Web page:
1. Colm O'Mahony
  1. Countess of Chester Hospital NHS Trust, Chester CH2 1UL


    It had all started grand enough. I had left plenty of time to get to the venue in Leeds and indeed was even looking forward to a dip in the pool once I got to the hotel. However, the absurd complexity of the traffic “loop” system in Leeds meant that although I knew where the hotel was and could at times see it, access was just impossible. I finally ended up parking in whatever NCP I could find and set off to walk to the hotel, suit and shirt on a hanger flapping in the breeze. When the white shirt blew off and was run over by a Fiat Uno I should have suspected that this was not going to be my night! There I would be, in the midst of all these people with their Pierre Cardin and YSL motifs on their shirts and I would be sporting Dunlop radial ply on mine.

    There was a message in the hotel room that the conference administrator would meet me at 7.15 pm to bring me to the venue and that she would meet me in the bar. The trouble was, we had never met before, so when I arrived down into this packed Leeds bar, I put on my best bewildered Irish after dinner speaker look and hoped that someone would approach me, but to no avail. I had no option but to introduce myself to every attractive single woman in the bar and ask them if they were Marianne. It took me five goes before I got it right, but fair play to two of them who said “Well Dr O'Mahony, I can be anything you want me to be”! An interesting bar indeed!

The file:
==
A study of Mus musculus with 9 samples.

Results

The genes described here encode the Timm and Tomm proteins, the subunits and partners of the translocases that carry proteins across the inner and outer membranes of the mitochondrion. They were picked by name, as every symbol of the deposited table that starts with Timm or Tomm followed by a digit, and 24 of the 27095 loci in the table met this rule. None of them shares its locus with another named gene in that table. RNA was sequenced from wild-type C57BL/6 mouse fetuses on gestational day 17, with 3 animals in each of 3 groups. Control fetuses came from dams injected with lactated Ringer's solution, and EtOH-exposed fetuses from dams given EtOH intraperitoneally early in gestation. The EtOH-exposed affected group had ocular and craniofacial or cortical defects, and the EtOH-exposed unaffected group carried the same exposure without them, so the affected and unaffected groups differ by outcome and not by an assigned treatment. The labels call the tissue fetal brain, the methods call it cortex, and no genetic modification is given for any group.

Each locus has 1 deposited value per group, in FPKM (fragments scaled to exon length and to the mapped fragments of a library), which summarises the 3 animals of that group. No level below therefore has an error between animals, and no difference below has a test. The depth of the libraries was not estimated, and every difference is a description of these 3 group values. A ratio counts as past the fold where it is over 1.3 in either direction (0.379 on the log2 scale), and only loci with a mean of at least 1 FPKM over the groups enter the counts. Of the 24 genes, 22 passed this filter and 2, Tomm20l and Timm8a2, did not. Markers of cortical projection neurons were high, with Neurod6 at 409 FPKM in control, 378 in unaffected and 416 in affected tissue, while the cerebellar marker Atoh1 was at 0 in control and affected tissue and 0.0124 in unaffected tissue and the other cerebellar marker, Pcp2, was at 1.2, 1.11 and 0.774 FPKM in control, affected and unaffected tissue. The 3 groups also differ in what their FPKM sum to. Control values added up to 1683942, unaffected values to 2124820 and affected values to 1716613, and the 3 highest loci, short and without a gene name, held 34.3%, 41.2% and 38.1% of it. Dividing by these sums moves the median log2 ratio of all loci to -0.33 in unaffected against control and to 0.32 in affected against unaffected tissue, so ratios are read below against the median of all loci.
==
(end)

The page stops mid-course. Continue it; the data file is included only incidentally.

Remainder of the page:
The venue was the Leeds Armoury which is a magnificent building, full of toys for boys. It was extraordinary how avidly all the men were bustling around, seeing all the exhibits, while the bewildered women were simply drinking cocktails and waiting for dinner. I had been worried when I saw the dining area as there were several massive columns, screening off about eight of the twenty four tables. However, I got an extension microphone so that I could walk around with it and thus felt I could engage all of the audience most of the time. Big mistake. A politician once said, “you can impress some of the people all of the time and these are the ones you should concentrate on.” I should have concentrated on the people I could see all of the time and left it up to the others to decide to move their chairs if they had thought I was entertaining enough. As it was, I moved in and out of rapport as I weaved around the space available.

    The moment you realise however that it is not working and you have lost it, is a gut churning shock to the system. Recovery is not possible, you just trim whatever material you have left and finish up as soon as possible to save both yourself and the audience further embarrassment. You then pretend afterwards that everything went OK and the organisers generally collude with this—in England anyway. In Ireland you would be told “Well, that was a load of cobblers!”

    On the drive home, your immediate reaction is to cancel all future arrangements but gradually the humiliation gets tempered by the exhilarating memories of previous successes and you find yourself back up there again, putting yourself through it all once more.

    I have now had a few exhilarating successes since that night in Leeds but the fear has now been translated into reality and magnified into something approaching terror. Why do it at all? The simple answer is it's addictive. Whatever mind altering chemicals circulate around the system when you are up there and the audience are with you, it gives you a high. You want the high—you have to accept the odd low.

    Some days you are the pigeon—some days you are the statue.